Rheumatoid Arthritis


Mind you, it is not, on its’ own a fatal disease, yet once you have the diagnosis there are many things you should be aware of; it is a chronic disease and can shorten your life span if you are afflicted by systemic inflammation which is directly related to rheumatoid arthritis.

Additional things to be aware of when diagnosed – you are at a risk for infection, metabolic disease, atherosclerosis, and cardiovascular disease.

Rheumatoid-Arthritis

Let’s begin with cardiovascular disease the most common cause of death for those diagnosed with rheumatoid arthritis due to the risk of a heart attack or stroke.  Experts have found out nearly forty percent of patients who experience a stroke or heart attack have RA.  It has been known for years that RA can cause inflammation to the heart; this gives the patient higher odds for complications.  If you have had RA for at least ten years, the odds climb – noted experts.

As important is the fact – if you have RA and systemic inflammation: abnormal levels of fat in the blood, insulin resistance, high levels of homocysteine in your blood, prone to blood clots, and your immune systems T-cell is activated – you probably will be told you have inflammation. (Systemic)

Women are less likely to report any problems with chest pain, and men are not always willing to give up this information, even to their doctor.  Now let us add the patients with RA – who tend to accept the diagnosis and ignore important issues, like chest pain.  For some reason, these patients can have a heart attack without any knowledge, more so than the person without RA.  The patient with RA is at a higher risk for sudden cardiac death.

Now let’s touch on the metabolic syndrome when combined with RA.  After a certain age more people tell you, “I am using medication for high blood pressure,” and someone else states, “I have gained so much weight, the doctor is checking me – something called glucose intolerance.”  These very common health factors, combined with RA can cause additional problems.  Signs of cardiovascular disease and problems with your metabolic systems – then add RA – the risks continue to climb.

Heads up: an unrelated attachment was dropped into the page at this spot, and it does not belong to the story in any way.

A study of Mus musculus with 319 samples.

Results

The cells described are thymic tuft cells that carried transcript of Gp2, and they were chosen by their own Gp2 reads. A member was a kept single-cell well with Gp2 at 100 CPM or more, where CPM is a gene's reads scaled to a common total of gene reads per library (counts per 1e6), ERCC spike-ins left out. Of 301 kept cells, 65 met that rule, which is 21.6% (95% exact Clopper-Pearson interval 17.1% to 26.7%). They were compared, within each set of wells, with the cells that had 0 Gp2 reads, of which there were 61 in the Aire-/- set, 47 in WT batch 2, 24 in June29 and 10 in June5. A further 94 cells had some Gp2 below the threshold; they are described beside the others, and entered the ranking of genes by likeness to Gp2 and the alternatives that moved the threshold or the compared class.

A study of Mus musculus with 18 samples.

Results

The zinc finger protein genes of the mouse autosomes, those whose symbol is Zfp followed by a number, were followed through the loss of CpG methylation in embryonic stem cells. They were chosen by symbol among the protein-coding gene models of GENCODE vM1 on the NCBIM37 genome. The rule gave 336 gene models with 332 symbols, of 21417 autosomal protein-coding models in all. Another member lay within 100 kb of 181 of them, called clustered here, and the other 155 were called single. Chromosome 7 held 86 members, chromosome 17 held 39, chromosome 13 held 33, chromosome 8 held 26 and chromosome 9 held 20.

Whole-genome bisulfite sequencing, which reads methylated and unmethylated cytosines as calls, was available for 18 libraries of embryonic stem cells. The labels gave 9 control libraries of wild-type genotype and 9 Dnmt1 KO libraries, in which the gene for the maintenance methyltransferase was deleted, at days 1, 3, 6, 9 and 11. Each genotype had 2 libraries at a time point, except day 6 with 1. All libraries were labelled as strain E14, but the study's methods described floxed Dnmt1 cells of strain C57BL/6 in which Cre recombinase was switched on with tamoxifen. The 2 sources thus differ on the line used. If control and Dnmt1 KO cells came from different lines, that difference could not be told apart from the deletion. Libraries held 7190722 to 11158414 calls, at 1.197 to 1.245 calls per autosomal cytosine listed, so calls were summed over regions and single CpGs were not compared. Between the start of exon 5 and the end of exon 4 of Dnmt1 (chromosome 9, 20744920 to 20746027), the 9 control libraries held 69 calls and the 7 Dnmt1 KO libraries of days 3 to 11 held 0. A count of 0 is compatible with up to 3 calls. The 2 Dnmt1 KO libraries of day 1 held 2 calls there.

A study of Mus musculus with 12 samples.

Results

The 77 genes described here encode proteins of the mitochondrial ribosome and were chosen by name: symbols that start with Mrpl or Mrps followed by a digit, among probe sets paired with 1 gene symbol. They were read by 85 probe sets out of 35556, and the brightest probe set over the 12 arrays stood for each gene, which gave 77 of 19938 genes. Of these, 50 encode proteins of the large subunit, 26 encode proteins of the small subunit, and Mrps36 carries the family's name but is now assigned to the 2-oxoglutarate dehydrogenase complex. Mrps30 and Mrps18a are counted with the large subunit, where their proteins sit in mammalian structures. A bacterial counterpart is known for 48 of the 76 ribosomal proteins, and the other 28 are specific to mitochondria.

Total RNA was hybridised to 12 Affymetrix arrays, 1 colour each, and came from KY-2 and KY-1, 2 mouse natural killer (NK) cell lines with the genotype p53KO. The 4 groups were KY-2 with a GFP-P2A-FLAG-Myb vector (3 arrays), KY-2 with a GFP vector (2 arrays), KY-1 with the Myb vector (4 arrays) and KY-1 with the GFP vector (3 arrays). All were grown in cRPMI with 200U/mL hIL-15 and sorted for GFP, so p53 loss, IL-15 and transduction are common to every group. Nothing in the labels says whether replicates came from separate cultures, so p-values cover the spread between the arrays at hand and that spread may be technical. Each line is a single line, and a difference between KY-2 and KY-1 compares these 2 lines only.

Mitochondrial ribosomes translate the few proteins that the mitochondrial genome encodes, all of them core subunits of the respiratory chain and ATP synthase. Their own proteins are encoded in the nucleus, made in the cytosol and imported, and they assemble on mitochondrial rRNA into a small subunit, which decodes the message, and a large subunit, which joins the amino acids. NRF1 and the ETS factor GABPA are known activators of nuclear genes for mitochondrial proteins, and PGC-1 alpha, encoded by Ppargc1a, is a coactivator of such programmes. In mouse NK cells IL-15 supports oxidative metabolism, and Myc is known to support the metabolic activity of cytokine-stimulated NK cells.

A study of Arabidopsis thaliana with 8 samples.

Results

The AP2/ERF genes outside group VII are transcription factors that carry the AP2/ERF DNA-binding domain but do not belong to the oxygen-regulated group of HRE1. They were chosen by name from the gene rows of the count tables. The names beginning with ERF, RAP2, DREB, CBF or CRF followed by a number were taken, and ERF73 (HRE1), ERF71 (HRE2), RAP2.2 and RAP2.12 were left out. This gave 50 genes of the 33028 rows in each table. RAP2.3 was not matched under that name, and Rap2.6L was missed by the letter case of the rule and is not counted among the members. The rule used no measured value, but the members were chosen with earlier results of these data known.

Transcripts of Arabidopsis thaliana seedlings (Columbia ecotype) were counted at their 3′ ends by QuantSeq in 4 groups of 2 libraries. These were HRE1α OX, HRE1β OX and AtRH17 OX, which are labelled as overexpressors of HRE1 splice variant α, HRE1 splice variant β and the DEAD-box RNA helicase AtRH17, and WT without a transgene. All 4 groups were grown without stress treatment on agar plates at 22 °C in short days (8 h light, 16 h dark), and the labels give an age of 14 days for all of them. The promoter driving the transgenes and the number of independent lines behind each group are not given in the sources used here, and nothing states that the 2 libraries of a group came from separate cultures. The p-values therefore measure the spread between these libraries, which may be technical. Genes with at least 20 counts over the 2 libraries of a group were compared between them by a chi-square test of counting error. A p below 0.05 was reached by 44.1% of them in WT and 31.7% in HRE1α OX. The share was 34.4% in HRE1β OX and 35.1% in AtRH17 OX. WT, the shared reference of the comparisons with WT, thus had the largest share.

Systemic inflammation is high for the RA patient, but also for someone with Atherosclerosis.  Researchers are looking into genetic processes, and autoimmune processes may play an important role when a doctor is treating you for RA of Atherosclerosis.

After reading all of this you must be aware, by now, that the RA patient has increased risk of infection.  A recent study released in the Journal of Rheumatology, May 2013, explained the risk of infection to the RA patient has declined.  Perhaps, patients are aware of their disease, treated promptly, and take better care of their health.

Everyone knows how one drug heals and another harms.  This is a big problem to the RA patient; with severe pain in their joints they tend to use anti-inflammatory drugs, better known as NSAIDS, like Advil and others.  With the high use of anti-inflammatory drugs there is an added risk for diverticulitis and gastrointestinal problems.  NSAIDS are said to be used with caution due to the built up of acids and even ulcers, or, ongoing gastrointestinal problems which lead further to complications.

So if you are a patient who is suffering from RA please take it seriously, and be aware of all the things you do, regarding eating, prescriptions and more – protect your life – know your body.